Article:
A million more trees for New York City: Leaders want a greener canopy


But he also acknowledged having no particular agenda or master plan for the more than 12,140 hectares of park land under his control.

On Monday (Feb 14), the city’s five borough presidents will ask Adams to plant 1 million new trees by 2030, a revival of an ambitious and successful “million trees” initiative that started under former Mayor Michael Bloomberg and was completed under his successor Bill de Blasio.

The borough presidents will also ask Adams to honour his campaign pledge to devote 1 per cent of the city’s budget to the parks department.

About 22 per cent of the city is covered by tree canopy. The figure has increased about 2 per cent in recent years.

New York has roughly 7 million trees, or fewer than one tree for each of its 8.8 million residents, according to a recent Nature Conservancy report. About 650,000 trees line the streets, but they are not evenly distributed.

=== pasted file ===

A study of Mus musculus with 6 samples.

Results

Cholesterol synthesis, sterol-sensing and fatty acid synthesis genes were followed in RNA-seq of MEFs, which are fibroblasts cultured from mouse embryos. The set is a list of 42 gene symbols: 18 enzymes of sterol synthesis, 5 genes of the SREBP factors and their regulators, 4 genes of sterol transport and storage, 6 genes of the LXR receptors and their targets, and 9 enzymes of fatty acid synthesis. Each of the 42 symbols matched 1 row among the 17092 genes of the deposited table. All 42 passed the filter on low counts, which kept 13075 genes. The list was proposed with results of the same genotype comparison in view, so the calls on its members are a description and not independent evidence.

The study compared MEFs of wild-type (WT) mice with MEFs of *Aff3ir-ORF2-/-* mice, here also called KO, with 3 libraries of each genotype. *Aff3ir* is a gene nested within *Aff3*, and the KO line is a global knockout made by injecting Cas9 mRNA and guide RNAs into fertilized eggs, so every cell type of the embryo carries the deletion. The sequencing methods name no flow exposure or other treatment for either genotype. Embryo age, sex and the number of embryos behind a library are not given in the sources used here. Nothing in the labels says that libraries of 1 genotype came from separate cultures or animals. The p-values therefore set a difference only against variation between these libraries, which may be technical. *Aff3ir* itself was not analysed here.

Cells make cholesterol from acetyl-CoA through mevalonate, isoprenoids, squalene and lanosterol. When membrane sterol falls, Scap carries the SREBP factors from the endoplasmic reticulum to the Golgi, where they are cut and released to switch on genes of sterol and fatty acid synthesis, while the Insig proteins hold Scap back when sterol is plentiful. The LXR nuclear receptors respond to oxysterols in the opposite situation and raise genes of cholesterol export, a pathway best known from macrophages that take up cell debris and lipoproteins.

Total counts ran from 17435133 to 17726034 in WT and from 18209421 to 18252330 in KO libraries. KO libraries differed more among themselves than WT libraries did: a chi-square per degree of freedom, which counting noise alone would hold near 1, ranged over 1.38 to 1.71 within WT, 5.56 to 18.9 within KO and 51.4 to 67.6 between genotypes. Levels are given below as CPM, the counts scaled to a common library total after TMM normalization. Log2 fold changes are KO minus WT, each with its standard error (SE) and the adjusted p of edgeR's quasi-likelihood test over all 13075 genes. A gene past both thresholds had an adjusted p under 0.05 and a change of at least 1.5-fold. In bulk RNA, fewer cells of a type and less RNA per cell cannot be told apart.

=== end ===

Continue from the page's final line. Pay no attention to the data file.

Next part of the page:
The Trust for Public Land, a conservation group that helps create public parks across the United States, found that low-income New Yorkers and people of colour have significantly less available park space than residents of neighborhoods that are mostly white and wealthy. The allotment of trees somewhat follows that pattern.

It is estimated that the streetscape could accommodate 250,000 more trees; the rest of the new plantings would be in parks and other green spaces.

Trees absorb stormwater and carbon dioxide and provide shade in summer, and their density has a measurable effect on the surrounding air temperatures.